Telemedicine is a facet of contemporary healthcare that has been robustly expanding in recent years. One could make the same claim about medical cannabis. Now the two have even more in common.
Pasadena-based e-health startup Indica MD recently unveiled a telehealth platform that is a portal to medical marijuana. Limited to residents of California and New York, Indica MD’s website boasts everything qualified patients need to obtain a medical cannabis card, including the doctors. It describes its operation as “Canna done right.”
First step: reference the list
Interested individuals should visit IndicaMD.com to determine whether they have one of the health conditions that would qualify them for access to medical marijuana.
There is some variability in the illness lists of the two states, though there are several conditions covered in both, like cancer, multiple sclerosis, HIV, and chronic pain. In addition to arthritis, fibromyalgia, migraine headaches, and anxiety, California also extends its list with this final item:
“And, any other chronic or persistent medical symptom that substantially limits the ability of the person to conduct one or more major life activities (as defined by the Americans with Disabilities Act of 1990) or, if not alleviated, may cause serious harm to the patient’s safety or physical or mental health.”
New York’s list of ailments that would qualify a patient to use medical marijuana includes Lou Gehrig’s disease, Parkinson’s disease, epilepsy, and inflammatory bowel disease. Additionally, it defines chronic pain as “any severe debilitating pain that the practitioner determines degrades health and functional capability, that has intolerable side effects, that has lasted for or is expected to last for at least three months, and other modes of therapy that has failed to treat or that cannot be treated by another therapy because it would be harmful.”
Patients register on the site and consult remotely with doctors
If an individual has a condition that appears on his/her respective state’s list, the next step is registering on the website with an email and password in order to fill out a health questionnaire and request an online consultation with a physician within Indica MD’s doctor network. This service includes a video chat, and the patient only owes a fee for the visit if s/he is approved for access to medical marijuana.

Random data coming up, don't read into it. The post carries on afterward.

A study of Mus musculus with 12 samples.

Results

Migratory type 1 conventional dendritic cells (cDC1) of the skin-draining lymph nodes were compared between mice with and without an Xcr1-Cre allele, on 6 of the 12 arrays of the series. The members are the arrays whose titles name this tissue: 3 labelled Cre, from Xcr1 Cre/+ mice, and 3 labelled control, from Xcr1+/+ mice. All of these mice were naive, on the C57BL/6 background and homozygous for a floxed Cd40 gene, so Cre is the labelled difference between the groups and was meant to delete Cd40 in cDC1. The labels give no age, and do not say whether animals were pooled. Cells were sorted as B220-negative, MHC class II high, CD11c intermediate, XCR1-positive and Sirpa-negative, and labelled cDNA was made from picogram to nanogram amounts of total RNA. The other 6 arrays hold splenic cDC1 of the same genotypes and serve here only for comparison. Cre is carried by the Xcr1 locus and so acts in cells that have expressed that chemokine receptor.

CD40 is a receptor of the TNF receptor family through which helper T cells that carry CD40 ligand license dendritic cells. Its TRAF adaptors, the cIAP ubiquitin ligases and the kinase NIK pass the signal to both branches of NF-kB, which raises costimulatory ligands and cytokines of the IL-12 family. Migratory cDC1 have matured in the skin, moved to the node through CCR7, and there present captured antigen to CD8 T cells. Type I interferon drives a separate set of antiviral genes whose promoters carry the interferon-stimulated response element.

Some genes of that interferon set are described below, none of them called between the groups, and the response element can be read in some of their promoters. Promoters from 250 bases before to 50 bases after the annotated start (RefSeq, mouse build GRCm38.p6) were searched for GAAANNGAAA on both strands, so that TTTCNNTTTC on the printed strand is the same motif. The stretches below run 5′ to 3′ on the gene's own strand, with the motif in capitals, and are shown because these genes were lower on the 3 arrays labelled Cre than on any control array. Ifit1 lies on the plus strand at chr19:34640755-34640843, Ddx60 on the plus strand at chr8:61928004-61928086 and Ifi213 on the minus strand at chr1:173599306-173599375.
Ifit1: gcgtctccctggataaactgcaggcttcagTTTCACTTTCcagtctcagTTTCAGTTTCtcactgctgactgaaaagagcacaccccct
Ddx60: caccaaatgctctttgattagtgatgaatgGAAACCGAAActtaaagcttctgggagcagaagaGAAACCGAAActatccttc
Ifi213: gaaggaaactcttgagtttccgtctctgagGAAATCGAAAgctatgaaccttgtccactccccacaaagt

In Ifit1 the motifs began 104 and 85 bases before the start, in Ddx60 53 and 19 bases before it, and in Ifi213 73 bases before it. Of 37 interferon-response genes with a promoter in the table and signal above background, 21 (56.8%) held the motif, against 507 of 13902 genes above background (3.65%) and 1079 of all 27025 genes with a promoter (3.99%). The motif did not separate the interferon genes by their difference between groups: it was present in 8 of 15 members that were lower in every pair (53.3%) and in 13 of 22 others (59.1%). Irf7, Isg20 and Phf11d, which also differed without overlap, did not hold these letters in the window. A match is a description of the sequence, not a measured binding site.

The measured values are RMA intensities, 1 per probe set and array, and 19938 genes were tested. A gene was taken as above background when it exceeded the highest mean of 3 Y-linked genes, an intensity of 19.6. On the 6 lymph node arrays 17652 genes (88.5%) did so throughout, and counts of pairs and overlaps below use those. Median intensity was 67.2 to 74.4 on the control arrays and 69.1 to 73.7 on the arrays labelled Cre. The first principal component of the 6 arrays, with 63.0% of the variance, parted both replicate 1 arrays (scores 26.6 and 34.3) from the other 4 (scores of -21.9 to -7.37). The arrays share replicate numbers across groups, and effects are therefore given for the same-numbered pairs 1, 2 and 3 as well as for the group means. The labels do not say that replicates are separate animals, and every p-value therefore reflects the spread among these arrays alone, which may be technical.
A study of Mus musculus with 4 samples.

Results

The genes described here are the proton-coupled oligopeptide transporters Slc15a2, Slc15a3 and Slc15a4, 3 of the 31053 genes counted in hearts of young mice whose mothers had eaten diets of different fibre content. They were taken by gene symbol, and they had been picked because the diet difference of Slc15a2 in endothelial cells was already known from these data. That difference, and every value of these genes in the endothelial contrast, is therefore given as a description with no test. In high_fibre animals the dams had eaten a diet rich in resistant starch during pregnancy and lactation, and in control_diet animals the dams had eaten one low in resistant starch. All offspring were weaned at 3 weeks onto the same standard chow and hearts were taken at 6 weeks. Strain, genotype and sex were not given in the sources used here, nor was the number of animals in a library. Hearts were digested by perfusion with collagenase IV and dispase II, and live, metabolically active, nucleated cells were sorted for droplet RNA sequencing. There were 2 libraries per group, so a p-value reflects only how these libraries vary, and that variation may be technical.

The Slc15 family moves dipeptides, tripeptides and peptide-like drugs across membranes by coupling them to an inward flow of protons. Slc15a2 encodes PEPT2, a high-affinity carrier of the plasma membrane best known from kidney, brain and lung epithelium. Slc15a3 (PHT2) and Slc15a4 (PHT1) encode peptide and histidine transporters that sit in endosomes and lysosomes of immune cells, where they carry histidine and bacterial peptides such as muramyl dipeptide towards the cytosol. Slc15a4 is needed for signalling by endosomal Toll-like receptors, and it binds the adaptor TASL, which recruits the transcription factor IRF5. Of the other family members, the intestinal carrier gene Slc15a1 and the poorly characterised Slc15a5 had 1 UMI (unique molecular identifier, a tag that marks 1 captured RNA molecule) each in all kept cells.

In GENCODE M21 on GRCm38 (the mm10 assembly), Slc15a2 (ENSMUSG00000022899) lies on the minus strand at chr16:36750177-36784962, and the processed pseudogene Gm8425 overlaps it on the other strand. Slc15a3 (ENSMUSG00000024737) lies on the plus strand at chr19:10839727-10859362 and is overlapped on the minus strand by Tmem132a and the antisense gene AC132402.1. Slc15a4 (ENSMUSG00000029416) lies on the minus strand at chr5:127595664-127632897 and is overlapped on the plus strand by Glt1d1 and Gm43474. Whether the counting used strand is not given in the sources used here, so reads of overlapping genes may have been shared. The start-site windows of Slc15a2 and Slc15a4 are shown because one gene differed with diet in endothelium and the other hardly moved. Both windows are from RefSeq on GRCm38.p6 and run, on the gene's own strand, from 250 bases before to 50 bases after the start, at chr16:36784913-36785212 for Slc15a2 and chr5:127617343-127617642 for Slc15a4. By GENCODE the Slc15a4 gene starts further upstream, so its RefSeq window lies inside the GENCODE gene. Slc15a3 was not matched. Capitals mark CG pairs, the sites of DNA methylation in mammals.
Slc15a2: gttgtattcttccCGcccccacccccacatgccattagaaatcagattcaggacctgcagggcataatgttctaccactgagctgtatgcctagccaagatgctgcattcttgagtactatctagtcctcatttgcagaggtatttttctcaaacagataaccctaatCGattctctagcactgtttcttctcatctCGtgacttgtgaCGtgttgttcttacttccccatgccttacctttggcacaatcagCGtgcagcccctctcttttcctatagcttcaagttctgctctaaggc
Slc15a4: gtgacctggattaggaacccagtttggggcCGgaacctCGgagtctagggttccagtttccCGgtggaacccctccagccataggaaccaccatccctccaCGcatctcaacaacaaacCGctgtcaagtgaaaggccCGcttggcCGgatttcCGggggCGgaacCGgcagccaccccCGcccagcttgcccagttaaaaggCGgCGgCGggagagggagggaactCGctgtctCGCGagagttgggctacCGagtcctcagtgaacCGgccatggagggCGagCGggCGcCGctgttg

In California, that approval comes in the form of a Medical Marijuana Recommendation Letter, and in New York, a Medical Marijuana Certification Number. Both are emailed to patients upon physician approval, and are valid for one year. Approval grants qualified individuals information regarding medical marijuana dispensaries in each state. Approved patients are able to access any of the medical dispensaries within their respective states.
The Indica MD telehealth platform is compliant with the Health Insurance Portability and Accountability Act of 1996 (HIPAA), and the company states that patient information is kept private and secured within an encrypted system.
Company promises safety and privacy
“Indica MD provides our patients the safety and privacy to visit knowledgeable and compassionate medical marijuana doctors online from their smartphone, tablet, or computer,” Dr. Teddy O’Connell, CEO of Indica MD said in a press release. “Before a patient can access medical marijuana, they must first obtain a valid recommendation or certification from a qualified, state-licensed medical doctor. Indica MD’s doctors provide these evaluations and operate in full compliance with the laws of California and New York.”
For patients who believe that medical cannabis might alleviate symptoms of health problems, but who may have been held back by the daunting first visit to a physician to learn more, Indica MD could be quite a boon. Although this particular telehealth platform is only available in two states at this point, it doesn’t strain credulity to imagine other states following suit, as well as other companies creating their own medical cannabis portals.